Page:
A Neon Itch and 70's Kitsch: An outsider remembers the Daytona Beach of old

It was an enchanted land of neon, the Daytona Beach of my youth. Hotels and motels lining either side of the shoreline road, their pastel façades awash in an otherworldly glow. Cheery signs buzzing along A1A, welcoming weary travelers with the one word that brought joy to every parent, girl, and boy. VACANCY.

And that one sign screamed at us in red neon.


It was always the neon that I loved most, and it was everywhere. Daytona Beach in the early 1970s was the place to be as a kid if you enjoyed the nighttime and long drives up and down the strip. It was fun arriving to town after sunset. Every sign that could be lit glowed bright on A1A.

Riding in the backseat of the family car, a purple 1965 Ford Galaxie 500 XL, I would watch the world pass by as we snaked our way to our hotel. There were souvenir shops that stayed open a bit late, their white or blue neon signs advertising everything from surfboards to swimwear. Fast food restaurants shined in the distance, competing with the yellow glow of the streetlamps that ran the length of A1A.


It was fun rolling along and watching people mill about on the sidewalks, some of those people heading to bars that catered to all kinds throughout the night. In my young mind, figured out what drew people out into the evening. Must’ve been the neon. At night, Daytona Beach was intoxicating. Captivating. And all of it was drenched in color. From the signage along A1A to the colored floodlights shining up on the palm trees that sat clustered on motel properties. There was color, color, everywhere. Part of what made Daytona great for me back then was the bright and boisterous neon utopia of the Boardwalk itself. Oh, that Space Needle!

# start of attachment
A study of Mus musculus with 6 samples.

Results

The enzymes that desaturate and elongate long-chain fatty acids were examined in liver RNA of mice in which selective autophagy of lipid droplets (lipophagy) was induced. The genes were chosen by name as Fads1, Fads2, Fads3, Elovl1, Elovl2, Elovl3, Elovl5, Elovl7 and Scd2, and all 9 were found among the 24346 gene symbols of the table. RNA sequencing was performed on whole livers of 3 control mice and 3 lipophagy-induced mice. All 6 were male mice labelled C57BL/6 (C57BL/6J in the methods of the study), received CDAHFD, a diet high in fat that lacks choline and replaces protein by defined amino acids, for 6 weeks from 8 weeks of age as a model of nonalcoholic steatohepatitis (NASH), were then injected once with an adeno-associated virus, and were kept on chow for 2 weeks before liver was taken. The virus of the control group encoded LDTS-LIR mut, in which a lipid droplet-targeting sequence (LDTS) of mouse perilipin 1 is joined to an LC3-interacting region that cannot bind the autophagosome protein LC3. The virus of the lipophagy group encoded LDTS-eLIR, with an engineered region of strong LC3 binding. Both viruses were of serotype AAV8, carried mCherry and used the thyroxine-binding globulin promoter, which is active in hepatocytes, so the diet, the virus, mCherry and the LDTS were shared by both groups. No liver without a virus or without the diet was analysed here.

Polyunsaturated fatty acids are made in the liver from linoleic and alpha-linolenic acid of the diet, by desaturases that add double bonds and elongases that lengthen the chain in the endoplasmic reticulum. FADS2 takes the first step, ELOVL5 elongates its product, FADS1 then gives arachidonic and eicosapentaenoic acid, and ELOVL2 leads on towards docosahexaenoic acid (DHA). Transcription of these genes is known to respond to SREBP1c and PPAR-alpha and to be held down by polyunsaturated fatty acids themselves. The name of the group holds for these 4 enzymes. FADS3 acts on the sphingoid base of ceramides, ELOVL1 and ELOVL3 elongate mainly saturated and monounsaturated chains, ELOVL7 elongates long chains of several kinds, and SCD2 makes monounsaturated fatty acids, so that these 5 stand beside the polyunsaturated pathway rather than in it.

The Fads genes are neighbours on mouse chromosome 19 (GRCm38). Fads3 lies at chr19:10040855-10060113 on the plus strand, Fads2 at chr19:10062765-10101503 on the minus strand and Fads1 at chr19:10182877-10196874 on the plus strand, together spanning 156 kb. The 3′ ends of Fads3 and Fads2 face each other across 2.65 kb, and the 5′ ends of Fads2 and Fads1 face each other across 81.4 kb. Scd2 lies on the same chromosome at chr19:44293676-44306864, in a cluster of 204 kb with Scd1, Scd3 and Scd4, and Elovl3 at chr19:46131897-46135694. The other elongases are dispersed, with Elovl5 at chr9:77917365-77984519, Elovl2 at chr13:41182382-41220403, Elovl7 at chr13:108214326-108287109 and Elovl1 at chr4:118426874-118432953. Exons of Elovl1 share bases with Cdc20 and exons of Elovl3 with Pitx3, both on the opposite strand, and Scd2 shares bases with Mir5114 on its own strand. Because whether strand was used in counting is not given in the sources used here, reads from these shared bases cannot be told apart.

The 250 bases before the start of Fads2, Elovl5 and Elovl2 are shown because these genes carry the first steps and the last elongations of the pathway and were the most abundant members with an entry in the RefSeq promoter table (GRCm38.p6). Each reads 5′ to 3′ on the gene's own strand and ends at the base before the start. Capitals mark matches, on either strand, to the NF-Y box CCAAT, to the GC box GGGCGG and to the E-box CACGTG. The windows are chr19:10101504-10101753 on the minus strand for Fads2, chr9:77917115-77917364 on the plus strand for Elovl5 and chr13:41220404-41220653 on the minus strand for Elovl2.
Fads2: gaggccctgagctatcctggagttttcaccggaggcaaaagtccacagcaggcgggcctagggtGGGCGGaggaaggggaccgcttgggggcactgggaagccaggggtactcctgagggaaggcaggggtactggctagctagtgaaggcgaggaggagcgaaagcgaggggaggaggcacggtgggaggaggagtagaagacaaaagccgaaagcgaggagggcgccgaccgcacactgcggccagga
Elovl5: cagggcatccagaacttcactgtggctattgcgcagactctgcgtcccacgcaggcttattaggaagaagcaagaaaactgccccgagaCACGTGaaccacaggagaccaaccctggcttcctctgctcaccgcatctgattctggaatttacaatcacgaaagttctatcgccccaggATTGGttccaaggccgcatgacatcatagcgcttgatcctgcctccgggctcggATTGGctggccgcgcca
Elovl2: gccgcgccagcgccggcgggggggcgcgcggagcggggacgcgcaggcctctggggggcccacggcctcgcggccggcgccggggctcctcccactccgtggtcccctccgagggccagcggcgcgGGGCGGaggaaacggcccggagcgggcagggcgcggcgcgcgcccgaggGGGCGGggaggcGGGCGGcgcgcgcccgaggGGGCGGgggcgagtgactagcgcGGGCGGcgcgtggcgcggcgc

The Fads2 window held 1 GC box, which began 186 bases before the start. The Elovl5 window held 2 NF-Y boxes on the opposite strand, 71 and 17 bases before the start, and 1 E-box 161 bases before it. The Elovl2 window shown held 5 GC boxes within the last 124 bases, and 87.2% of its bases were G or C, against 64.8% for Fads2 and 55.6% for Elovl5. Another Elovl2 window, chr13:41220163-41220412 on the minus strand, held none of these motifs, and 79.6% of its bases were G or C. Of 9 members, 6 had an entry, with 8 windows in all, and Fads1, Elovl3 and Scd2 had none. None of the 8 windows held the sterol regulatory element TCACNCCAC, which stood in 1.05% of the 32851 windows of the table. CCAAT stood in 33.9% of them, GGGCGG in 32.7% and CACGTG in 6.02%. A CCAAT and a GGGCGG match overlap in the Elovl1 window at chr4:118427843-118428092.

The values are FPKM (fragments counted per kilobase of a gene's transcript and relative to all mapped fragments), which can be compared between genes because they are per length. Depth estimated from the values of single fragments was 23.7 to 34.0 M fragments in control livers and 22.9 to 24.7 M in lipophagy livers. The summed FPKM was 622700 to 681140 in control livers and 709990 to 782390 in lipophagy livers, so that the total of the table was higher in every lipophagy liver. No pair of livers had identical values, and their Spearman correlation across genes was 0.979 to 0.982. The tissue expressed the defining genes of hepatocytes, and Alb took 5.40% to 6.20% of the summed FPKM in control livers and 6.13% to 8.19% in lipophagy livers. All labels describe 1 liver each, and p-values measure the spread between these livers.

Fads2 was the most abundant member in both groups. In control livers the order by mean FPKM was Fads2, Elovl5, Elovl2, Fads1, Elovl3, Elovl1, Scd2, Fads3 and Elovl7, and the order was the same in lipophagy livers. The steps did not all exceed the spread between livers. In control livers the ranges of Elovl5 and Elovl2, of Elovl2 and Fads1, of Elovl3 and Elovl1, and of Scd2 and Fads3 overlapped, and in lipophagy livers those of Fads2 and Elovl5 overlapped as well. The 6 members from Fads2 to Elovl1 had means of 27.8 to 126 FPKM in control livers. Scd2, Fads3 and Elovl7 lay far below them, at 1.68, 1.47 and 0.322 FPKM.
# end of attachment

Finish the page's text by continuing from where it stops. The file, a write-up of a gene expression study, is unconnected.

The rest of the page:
My parents would take me to the Boardwalk after sunset. The sound of waves crashing on shore as the tide rolled in was a complement to the sound of the latest rock songs blaring away in the arcades along the strip. Shrieks of laughter would erupt from the bumper car area. The dinging sound of pinball machines echoed out in between strains of “Layla” by Derek and the Dominos. Overwhelming with its aroma of hot dogs, buttery popcorn, and the scent of freshly spun cotton candy, the Boardwalk was a poor child’s version of Disney World.


After our Boardwalk visit, we would pile in the car and head straight to the Rat Hole. My parents were car enthusiasts, which meant that I was one by default. There were choice examples of that day’s finest Detroit steel on Main Street on those summers so long ago. Ford Mustangs, Chevy Chevelles, Pontiac GTOs, Plymouth Roadrunners. Even though there were bikes, bikes, and more bikes on Main Street, it was the wide variety of cars that caught my attention. Every muscle car in every color imaginable lined up along the street outside of Big Daddy Rat’s place. Every car drenched in the ever-present Main Street neon.


I drank in the scene. It was mesmerizing. Women in halter tops and short shorts. Guys in cut-offs and sandals. Eccentric looking old folks milling around. It was a wonderful world of wacky, and I couldn’t get enough.


Fast forward to today. Just this past May, my husband and I spent some time in Daytona Beach. We visited our usual haunts. Abraxas Books on Beach Street. Atlantic Sounds on West International Speedway. La Fiesta on Nova Road. Each time I have come here to visit, my mind hearkens back to the early Seventies and the nights filled with loud music, loud cars, and loud people. All the noise and neon that made Daytona Beach such a magical place to me as a child.

A1A of today has its own beauty, its own distinct personality, and it still contains a bit of my beloved neon from the past. As small motels make way for mega condo buildings, the neon is lost forever. It becomes the thing I long for as I drive down the strip at night, looking for a place to eat. Memories fill in the gaps between new developments and empty beachfront properties. If I close my eyes and concentrate hard enough, I can see into the past as I stand on the beach and look inland at the new construction alongside remnants of the old. And though my parents and I never dared enter the Rat Hole, fading memories of the place still flicker in my mind. Fading memories of Boardwalk nights, band shell concerts, hot dogs dripping with ketchup. Fading memories of the Daytona Beach of yesterday, many yesterdays ago, are memories that will forever shine, like neon in my mind.